Each season brings a new round of inquiries from our clients. This year it seems to be visas, and Schengen visas in particular.

The 26 Schengen countries are:Austria, Belgium, Czech Republic, Denmark, Estonia, Finland, France, Germany, Greece, Hungary, Iceland, Italy, Latvia, Liechtenstein, Lithuania, Luxembourg, Malta, Netherlands, Norway, Poland, Portugal, Slovakia, Slovenia, Spain, Sweden and Switzerland. Although most of the Schengen countries are in the European Union, you should not confuse the Schengen Area with the EU.

The countries that are required to have Schengen visas are too numerous to list, but for the purposes of the yacht industry, they primarily include South Africa, Thailand and the Philippines.

To help answer some of the most common questions, we reached out to an agent in a Schengen country. Since Spain is frequently the first country visited by many yachts going to the Mediterranean, we asked Kristy Hollingsworth with Estela Shipping in Palma de Mallorca.

Q. Can I apply for my Schengen visa while in the United States.

The official answer is no, you need to be in your home country. With that said, I have had at least one South African captain say he received his Schengen visa from the French Consulate in Miami a couple of years ago. In the past year, there have been changes in how they process visas at the French Embassy in Miami. Many of the Schengen countries have outsourced their visa application to VFS Global. The latest information we have from the French Consulate is:

In order for you to be able to apply for a Schengen visa from the U.S., you should provide proof of your legal residency in the USA or of being an American resident (Green Card holder).

Q. When should I apply for my visa?

No more than 3 months prior to your visit, and no less than 15 days.

Q. What documentation do I need for my Schengen visa?

Applying for a Schengen visa for Spain requires the following:

  • Passport
  • Seaman’s Book (If you do not have one, supply a contract stating you will be employed by the vessel.)
  • Copy of yacht’s registry
  • Annex IX stamped by Spanish authorities
  • Flight details
  • Invitation letter from cosignatory
  • Yacht’s last port of call and next port of call

Q. Is it possible to apply for a visa once you arrive?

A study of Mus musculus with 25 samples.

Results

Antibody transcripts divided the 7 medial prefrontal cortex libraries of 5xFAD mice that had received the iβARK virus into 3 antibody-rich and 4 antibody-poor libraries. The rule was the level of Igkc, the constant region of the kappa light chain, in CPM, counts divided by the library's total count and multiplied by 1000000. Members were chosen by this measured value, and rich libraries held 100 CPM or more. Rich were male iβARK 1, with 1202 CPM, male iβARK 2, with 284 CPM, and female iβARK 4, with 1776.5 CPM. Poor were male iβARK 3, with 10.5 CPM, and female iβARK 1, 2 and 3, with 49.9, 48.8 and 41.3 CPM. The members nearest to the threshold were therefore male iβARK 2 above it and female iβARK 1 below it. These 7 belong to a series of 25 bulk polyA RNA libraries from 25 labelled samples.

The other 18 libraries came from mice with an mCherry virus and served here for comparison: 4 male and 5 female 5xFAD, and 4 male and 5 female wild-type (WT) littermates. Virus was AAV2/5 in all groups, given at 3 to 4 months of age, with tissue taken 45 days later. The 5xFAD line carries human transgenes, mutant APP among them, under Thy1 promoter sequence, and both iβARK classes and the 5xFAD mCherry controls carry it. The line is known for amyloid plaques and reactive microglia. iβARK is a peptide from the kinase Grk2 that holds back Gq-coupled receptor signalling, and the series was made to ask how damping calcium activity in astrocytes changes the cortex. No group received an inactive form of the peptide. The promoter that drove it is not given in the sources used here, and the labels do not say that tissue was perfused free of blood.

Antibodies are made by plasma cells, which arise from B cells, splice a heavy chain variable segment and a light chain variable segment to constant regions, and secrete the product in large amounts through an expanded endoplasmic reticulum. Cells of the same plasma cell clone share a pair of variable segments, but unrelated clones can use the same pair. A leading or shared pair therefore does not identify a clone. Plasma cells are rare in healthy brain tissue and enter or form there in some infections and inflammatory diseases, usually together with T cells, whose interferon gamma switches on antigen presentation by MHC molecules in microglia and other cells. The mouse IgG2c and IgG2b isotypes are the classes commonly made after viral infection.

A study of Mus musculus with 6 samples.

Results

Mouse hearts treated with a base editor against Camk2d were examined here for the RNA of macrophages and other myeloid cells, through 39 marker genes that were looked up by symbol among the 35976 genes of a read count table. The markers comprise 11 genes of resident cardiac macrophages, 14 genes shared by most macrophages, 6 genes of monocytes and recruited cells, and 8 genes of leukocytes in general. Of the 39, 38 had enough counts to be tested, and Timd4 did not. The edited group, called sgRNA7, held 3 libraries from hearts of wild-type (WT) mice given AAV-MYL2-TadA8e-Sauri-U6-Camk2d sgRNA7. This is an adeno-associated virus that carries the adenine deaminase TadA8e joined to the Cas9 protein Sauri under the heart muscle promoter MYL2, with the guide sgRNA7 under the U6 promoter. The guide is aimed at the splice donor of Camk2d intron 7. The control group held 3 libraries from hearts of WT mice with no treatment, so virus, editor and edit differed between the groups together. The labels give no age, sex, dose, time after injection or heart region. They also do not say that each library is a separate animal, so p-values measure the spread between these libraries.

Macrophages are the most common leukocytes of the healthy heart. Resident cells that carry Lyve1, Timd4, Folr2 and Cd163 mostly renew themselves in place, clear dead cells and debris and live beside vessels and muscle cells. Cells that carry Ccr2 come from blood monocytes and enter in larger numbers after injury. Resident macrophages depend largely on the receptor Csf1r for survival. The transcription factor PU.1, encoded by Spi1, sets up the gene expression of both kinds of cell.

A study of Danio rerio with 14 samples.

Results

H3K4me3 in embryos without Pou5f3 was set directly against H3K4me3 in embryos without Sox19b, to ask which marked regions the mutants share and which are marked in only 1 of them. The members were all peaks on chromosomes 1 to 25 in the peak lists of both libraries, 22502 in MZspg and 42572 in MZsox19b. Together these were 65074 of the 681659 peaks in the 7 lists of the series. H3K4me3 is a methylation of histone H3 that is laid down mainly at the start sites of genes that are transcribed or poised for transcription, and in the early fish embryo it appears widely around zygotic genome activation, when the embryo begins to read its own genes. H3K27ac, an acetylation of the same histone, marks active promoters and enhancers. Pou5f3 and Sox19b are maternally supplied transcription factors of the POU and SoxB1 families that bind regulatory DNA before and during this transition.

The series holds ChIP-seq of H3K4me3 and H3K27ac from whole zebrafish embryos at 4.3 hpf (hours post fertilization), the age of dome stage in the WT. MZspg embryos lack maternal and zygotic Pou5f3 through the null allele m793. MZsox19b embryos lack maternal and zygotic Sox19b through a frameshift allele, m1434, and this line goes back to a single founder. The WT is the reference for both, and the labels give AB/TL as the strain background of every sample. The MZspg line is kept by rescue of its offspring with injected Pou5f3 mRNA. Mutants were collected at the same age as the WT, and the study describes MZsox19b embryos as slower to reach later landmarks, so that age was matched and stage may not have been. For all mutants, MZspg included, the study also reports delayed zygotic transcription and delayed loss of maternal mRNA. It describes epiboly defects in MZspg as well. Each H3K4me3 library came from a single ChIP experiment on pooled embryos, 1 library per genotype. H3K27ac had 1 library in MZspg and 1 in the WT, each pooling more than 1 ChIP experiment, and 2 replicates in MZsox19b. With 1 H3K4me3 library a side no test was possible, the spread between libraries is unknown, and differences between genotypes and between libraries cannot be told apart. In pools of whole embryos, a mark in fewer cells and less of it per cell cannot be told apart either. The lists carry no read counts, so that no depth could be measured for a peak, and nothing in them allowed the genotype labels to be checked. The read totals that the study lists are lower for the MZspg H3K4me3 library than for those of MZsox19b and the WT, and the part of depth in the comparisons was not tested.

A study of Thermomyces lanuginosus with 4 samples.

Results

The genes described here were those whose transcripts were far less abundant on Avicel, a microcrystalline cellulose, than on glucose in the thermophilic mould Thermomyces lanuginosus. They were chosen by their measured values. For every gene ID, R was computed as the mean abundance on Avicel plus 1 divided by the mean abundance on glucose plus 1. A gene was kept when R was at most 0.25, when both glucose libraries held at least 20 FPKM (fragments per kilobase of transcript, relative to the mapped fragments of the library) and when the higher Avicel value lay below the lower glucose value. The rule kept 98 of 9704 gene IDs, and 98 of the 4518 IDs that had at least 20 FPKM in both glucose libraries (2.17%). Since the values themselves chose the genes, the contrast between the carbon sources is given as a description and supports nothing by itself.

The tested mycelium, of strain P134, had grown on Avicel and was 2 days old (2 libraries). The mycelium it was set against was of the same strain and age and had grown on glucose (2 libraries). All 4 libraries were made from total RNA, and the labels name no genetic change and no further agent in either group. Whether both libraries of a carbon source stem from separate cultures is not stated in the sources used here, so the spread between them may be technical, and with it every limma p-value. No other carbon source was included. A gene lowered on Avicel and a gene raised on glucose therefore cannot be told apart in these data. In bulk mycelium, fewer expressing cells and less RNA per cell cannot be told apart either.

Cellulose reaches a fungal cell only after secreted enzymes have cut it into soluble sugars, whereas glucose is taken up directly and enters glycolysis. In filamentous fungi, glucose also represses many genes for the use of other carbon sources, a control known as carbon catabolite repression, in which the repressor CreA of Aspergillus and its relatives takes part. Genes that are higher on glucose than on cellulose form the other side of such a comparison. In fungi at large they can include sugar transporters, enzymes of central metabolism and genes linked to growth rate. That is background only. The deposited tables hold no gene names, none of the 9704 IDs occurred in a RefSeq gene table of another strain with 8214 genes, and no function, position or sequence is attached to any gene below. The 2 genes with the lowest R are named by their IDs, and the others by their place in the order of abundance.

This all depends on how you arrive. If you do not have a Schengen visa, but signed on prior to entering Schengen territory, you will be OK if you stay on board for the duration of your stay in Schengen territory. You can be 10 kilometers from the yacht, but no farther. If you need to fly home and you do not have a Schengen visa, or if it has expired, you will need to apply for a transit visa. This type of visa gives you 48 hours to return home. It takes a minimum of 48 hours to apply and must be done by a cosignatory. You need tax doc 790, Seaman’s Book, crew list, flights, copy of registry and passport. The crew member must come to immigration with cosignatory to be fingerprinted and have a photo taken for visa issue. This is normally done on the day of departure. Your agent should be able to assist with this.

Q.  In which country do I apply for my visa?

Either the first country you will visit  or the one in which you will be spending the most amount of time.

As with any visa question, always check on the latest information from the consulate of the country you wish to visit. Most countries have very thorough information on their websites. Most agents work hard to develop relationships with their local officials and can provide assistance. Don’t go by the information circulating at your crew house.

Capt. Deb Radtke owns American Yacht Agents in Ft. Lauderdale (americanyachtagents.net). After 16 years working on yachts, she found her niche shoreside assisting vessels visiting the U.S. East Coast and Great Lakes. Comments are welcome below.